Last year I did a TMI Tuesday series on some of my basic health knowledge. For those of you who don’t read my bio, I’m actually a labor and delivery nurse who has also dabbled in a few other areas in my time with an RN behind my name. Since I didn’t get any questions, I re-runing a somewhat useful one from last year. HOWEVER, I’m totally open to write up new TMI Tuesdays, but I’ve run out of thoughts of my own right now. Please, submit questions for health concerns you have. I’m totally up for annonymous questions as you might not like your rectal fizzures splayed out on my blog for all to read. 🙂
And so, without further adieu, a post I did inititally in Sepetember of 2009:
I’ve wanted to give some health advice on this blog. I think that a large part of our nation’s health care issues center on the fact that doctors want to be all-knowing, and they don’t properly educate people — so they end-up clogging up ER’s and doctors offices with things that really don’t need to be seen. Especially in children. It’s driving me nuts that hospitals are having to set-up extra ER stations so that they can see all the people with swine flu.
IT IS THE FLU people. Oink yourself back to bed.
Today, I’d like to focus on flu symptoms and when it’s time to take issue, and when it’s time to take a nap:
1. Kids get high fevers. That’s how their body fights infection. When I worked for pediatricians (I did phone triage for pediatricians in nursing school when I had my LPN) they wouldn’t worry til’ it got over 107. Frankly, anything over 105 even scares me. However, up until that point, even though their bodies seem to be on fire, they’re fine. That’s the war being waged on the germs.
- Give them Tylenol or Advil, if appropriate (hopefully your doctor has reviewed with you any anti-fever medications you can give your child, along with the proper dose, at your well-checks).
- You can also give them a lukewarm bath, pouring the water over them (don’t make the bath too cold — just a little cooler than you’d normally make it) if they seem uncomfortable with the heat. Do bundle them into jammies after it though, you don’t want to drop their temperature.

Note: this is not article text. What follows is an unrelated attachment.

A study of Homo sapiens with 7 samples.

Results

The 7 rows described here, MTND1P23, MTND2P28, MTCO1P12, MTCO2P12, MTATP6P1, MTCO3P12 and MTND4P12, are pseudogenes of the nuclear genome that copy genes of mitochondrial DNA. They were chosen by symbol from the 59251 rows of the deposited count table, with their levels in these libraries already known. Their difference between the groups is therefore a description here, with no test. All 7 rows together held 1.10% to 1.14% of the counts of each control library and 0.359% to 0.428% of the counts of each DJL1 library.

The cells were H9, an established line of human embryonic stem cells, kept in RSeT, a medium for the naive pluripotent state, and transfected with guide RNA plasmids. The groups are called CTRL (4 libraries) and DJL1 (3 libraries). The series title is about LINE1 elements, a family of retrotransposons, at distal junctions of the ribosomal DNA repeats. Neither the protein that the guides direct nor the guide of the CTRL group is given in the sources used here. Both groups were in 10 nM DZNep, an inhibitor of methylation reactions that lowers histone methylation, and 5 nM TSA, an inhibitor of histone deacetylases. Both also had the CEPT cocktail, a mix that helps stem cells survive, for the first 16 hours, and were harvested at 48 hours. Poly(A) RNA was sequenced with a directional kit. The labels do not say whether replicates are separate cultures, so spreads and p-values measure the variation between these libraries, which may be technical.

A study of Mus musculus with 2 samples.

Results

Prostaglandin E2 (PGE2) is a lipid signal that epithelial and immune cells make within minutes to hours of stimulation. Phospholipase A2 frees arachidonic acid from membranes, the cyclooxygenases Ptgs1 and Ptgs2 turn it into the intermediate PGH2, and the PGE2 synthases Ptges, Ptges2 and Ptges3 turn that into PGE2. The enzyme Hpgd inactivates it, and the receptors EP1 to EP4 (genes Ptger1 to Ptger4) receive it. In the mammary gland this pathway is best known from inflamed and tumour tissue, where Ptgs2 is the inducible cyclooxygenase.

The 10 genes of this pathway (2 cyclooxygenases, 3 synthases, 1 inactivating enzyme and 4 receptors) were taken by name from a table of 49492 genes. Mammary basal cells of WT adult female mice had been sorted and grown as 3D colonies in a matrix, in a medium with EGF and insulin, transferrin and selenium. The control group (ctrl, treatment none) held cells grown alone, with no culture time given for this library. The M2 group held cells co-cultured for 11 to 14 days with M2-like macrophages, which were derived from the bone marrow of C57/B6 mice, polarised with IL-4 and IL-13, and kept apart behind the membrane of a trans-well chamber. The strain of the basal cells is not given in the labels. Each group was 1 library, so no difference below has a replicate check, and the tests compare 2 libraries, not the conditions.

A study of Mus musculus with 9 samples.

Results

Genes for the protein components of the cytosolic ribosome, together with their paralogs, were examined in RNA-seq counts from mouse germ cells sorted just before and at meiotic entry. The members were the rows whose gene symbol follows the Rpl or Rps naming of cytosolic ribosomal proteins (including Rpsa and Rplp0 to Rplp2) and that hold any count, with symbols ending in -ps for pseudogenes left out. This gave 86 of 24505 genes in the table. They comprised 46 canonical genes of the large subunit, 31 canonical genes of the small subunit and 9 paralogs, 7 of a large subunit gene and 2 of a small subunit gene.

- You do want to make sure the fever does respond to the medicine. Take the temperature, give the medicine and then take the temperature 30-60 minutes later. If it hasn’t gone down you might want to call your doctor.
- Adult’s fevers, FYI shouldn’t be near as high. If you take your temp and it’s over 103 or so, I’d call your doctor.
- Monetary — the ER is just for emergencies. If you just suspect they have the flu, it’s not the place for you — extreme lethargy, high-high fevers, it’s something you might consider, but only if your regular doctor won’t see you. It will cost your insurance a lot, and you, as well. Unless you have medical — and then it’s costing me. 🙂
- Health-wise — your child is exposed to others with flu-like-symptoms and they are exposed to them. One of the most important things about being sick is staying at home.
- You — you are now exposed to all those people — and what will happen when mom’s sick? I think we all know — pure hell. 🙂
Hilary is an RN, BSN who has worked in various medical fields for the past 14 years, however, none of the information on this blog, should be substituted for the care of a physician. The information provided on this blog is informational only and shouldn’t be taken as medical advice. You have instinct, use it — and use it wisely. If you have questions, please ask your doctor. If you think you have a medical or psychiatric emergency, please call 911. Also, please don’t delay contacting a physician due to something you have read on here. Pulling Curls doesn’t take responsibility for your health. That’s your job. We’re just a nice read.